So-called “aristocratic labor unions” are attempting to raise wages by hundreds of millions of won, citing price hikes. Labor unions of major Korean conglomerates are putting pressure on the management by threatening to go on strike if their wage demands are not met, even in the midst of a stagflation crisis.
Korea’s average salary and salary increase rate already eclipse those of advanced countries, including Japan and European countries. A wage gap between large companies and small and medium-sized enterprises (SMEs) in Korea is also the widest in the world.
Evidence of wage inflation comes with several numbers. The Korea Employers Federation’s analysis of wage increase rates by company sizes in Korea, Japan, and 15 major EU countries from 2002 to 2018 shows that the monthly wage increase rate of large Korean companies during this period stood at a whopping 120.7 percent (from 2,284,000 won to 5,042,000 won). In the case of the EU countries, the growth rate sat at only 37.3 percent (from 2,593 euros to 3,562 euros) during the same period. In Japan, the amount dropped by 5.1 percent to 459,000 yen from 483,800 yen.
Until 2002, the average wage of employees at Korean conglomerates which was lower than those of Japanese and EU workers reached the highest amount among the three in 2018. Considering that Korea generally has lower consumer prices than Japan and the EU, Korean employees have enjoyed higher real income.
A wage gap between large corporations and SMEs was also found to be the widest in Korea among the three. As of 2018, the difference in total monthly wages between Korean SMEs with 10 to 99 employees and large companies was 2,026,000 won far higher than that of Japan (145,700 yen or about 1.38 million won) and that of the EU (866 euros or about 1.18 million won).
Comparing wage increase rates of SMEs in Korea, Japan and the EU from 2002 to 2018, Korea posted an 87.6 percent wage increase which was higher than Japan with a 0.8 percent wage increase and the EU with 39.1 percent. But Korean SMEs’ wage growth rate lagged behind that of large Korean enterprises. In annual wage increase rates by seniority and wage gaps by industries, Korea towered over Japan and the EU.
This deepening wage inflation and polarization are rising as a social problem going beyond consumer price hikes. But unionized workers at large Korean corporations already earning more than 100 million won a year are demanding additional pay raises.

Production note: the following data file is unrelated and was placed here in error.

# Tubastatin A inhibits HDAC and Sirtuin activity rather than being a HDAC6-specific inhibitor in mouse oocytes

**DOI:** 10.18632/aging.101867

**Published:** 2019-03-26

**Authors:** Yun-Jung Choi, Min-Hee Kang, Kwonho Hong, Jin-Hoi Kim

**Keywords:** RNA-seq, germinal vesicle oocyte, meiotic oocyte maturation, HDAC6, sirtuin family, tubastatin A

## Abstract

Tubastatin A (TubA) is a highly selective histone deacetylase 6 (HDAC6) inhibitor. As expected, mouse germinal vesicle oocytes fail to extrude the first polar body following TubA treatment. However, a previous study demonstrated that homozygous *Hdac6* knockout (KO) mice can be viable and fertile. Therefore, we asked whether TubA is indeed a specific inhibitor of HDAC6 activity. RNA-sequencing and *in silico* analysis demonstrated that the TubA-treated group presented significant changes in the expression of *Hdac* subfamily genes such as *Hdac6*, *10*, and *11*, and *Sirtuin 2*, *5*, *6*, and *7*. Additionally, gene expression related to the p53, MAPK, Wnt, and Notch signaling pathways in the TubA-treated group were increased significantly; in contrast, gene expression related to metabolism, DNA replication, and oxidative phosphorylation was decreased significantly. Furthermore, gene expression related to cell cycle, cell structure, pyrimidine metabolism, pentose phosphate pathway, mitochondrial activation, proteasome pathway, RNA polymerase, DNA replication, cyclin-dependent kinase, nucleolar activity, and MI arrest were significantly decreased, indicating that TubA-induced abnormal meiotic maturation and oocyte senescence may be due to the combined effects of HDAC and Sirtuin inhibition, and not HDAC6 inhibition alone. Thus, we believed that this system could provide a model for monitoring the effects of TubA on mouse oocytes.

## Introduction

The Joint Wage Negotiation Group assembled with those from the Samsung Electronics Office Workers’ Union, the Samsung Electronics Gumi Branch Union, the Samsung Electronics Donghaeng Union and the Nationwide Samsung Electronics Union are demanding a flat raise of 10 million won in their annual salaries and 25 percent of the company’s operating profit as their performance bonuses. The SK Hynix Technical Office Workers’ Union has requested a 12.8 percent wage increase in the basic salary for this year.
Members of Hyundai Motor’s labor union have demanded an increase of 165,200 won in the basic salary (excluding salary increases by service years), the recruitment of new workers, job security through the extension of the automaker’s retirement age, payment of 30 percent of the previous year’s net profit as performance bonuses and the establishment of a future car factory in Korea. Following the application for dispute arbitration with the Central Labor Relations Committee, unionists decided to hold a vote on beginning staging a strike on July 1. If the strike proposal is passed in the union member vote, the Hyundai Motor Union will walk off the job for the first time in four years since 2018.
Unionized workers at Hyundai Steel, a sister company of Hyundai Motor, also occupied their president’s office at Dangjin Steel Works in South Chungcheong Province on May 2. They are continuing to protest for more than 50 days, demanding payment of four million won in special incentives.
Those at GM Korea are demanding payment of 400 percent of their regular wage or 16.94 million won as a bonus and production of electric vehicles at the Bupyeong 2 plant along with a basic wage increase. At Renault Motors Korea, unionists demanded a lump-sum payment of 5 million won but the management rejected it, keep the labor conflict on.
Under these circumstances, physical collisions also occurred. Hyundai Steel has filed a complaint with the police to disband the union members occupying by the president’s office, but no action has been taken yet, the company said.
The management of Hankook Tire & Technology claimed that members of the Korean Metal Workers Union stopped the operation of facilities without permission and assaulted management officials on June 19 but the labor union is putting the blame on both sides.